Patty Day in Little Jamaica

From left: John Tory, Jill Andrews, Giselle Wilson, Mike Colle and Nadine Spencer

When Mayor John Tory went to Little Jamaica to celebrate Patty Day in Toronto in 1985, he had to negotiate some tricky waters after some well-meaning public official tried to change the name of the classic Jamaican pastry to “Caribbean Meat Pocket.” According to Mike Colle, City Councilor for Eglinton—Lawrence, the Jamaican community would have none of it, and said that they were going to sell “Jamaican Patties.” As they say “the rest is history.” Today the patty is a million-dollar industry with bakeries selling millions of patties from coast to coast in Canada and the United States.

Tory said that this is a great way and an opportune time to celebrate the Caribbean and Jamaican specialty, considering that Patty Day falls right at the time when the City is celebrating Black History Month.

The mayor recalled the difficult times we have had of late – transit construction that seems to have gone on forever, and a pandemic that has held us captive for two years and counting.  In recognizing the excellent work done by people like councillor Michael Colle and all the levels of government, Tory added that Little Jamaica is worth preserving, and urged ongoing support for black business owners. He encouraged the community entrepreneurs to buy real estate and be landlords as well.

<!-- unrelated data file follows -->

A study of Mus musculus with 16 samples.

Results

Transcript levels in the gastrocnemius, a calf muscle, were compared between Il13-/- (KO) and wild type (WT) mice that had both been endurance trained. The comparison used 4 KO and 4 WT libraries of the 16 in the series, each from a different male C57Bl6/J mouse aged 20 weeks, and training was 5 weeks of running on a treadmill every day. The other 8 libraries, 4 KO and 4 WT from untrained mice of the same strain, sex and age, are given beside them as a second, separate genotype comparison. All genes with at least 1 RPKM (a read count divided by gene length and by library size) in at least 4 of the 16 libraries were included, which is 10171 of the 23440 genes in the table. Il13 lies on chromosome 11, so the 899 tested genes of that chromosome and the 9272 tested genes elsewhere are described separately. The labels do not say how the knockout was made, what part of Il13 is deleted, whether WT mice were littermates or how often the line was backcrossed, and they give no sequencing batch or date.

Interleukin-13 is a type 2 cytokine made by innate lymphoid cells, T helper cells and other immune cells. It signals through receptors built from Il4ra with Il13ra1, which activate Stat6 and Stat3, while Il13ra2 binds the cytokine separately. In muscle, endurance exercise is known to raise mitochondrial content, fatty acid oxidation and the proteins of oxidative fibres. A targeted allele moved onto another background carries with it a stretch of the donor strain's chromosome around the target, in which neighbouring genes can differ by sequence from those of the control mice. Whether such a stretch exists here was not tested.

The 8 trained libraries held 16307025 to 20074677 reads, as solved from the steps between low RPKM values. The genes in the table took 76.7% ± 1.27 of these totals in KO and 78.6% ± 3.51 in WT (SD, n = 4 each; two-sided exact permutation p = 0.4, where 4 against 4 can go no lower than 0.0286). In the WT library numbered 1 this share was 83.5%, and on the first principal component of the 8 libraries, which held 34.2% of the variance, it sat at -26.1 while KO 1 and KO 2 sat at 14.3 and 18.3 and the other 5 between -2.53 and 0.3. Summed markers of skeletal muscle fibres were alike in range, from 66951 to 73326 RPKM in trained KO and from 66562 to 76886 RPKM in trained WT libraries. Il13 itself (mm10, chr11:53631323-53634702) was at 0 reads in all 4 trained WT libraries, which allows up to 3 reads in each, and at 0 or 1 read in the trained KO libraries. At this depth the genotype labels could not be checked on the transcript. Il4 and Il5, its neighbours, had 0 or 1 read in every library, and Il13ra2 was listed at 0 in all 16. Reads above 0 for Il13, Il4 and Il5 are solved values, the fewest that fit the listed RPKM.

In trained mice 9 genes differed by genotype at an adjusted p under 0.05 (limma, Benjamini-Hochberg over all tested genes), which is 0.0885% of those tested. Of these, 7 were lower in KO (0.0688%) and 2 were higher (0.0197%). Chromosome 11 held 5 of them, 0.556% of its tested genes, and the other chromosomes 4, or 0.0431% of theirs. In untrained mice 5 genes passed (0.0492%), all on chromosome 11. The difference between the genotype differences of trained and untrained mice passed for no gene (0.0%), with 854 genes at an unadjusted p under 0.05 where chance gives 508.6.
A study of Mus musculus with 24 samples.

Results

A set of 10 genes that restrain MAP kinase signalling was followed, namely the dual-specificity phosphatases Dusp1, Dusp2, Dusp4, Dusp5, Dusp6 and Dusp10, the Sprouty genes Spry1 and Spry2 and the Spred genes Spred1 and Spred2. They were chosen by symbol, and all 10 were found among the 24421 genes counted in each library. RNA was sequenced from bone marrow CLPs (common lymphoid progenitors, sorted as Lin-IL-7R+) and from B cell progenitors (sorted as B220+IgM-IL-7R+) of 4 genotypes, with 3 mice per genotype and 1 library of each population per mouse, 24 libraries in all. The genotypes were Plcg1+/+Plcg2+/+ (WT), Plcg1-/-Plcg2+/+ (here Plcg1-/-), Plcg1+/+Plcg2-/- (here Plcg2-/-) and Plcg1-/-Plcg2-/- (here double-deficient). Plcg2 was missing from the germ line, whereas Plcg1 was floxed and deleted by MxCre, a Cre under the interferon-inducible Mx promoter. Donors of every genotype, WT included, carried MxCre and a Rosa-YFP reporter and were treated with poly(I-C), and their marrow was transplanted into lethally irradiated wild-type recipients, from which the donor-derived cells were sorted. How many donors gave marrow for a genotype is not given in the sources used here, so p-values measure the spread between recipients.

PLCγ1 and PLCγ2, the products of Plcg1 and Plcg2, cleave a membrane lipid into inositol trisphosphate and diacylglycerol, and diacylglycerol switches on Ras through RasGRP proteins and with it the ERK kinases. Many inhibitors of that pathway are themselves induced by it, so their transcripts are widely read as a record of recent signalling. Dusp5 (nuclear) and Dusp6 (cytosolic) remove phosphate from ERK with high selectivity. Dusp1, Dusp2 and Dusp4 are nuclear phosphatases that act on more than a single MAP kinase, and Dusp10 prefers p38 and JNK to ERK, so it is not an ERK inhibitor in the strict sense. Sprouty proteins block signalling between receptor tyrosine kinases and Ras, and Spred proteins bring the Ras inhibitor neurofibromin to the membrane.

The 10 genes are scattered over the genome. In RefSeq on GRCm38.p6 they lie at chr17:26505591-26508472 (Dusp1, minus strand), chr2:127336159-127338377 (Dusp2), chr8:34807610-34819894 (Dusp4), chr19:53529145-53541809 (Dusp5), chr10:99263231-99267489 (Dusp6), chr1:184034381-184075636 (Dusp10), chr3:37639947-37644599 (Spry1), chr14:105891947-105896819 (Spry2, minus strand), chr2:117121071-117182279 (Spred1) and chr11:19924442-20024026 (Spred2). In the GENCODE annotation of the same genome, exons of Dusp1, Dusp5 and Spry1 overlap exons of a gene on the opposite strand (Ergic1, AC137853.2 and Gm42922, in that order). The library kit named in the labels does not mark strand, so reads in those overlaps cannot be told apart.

Councillor Cole said that Little Jamaica is coming back, thanks to organizations like the BBPA which has set up an office in the heart of the small historical Caribbean neighbourhood. “New businesses are opening up like the new Jamaican pizza place plus another Caribbean eatery. This is a clear sign that things are on the upswing and a victory for the Jamaican-Canadian community.”

“You know they tried to stop the sale of patties in 1985; they said they couldn’t sell patties [under that name since the name was already being used for the meat in the hamburger sandwich]. But the Jamaican Community stood up and said ‘no we are going to sell the Jamaican patties here in Toronto’, and that is what we are celebrating today.”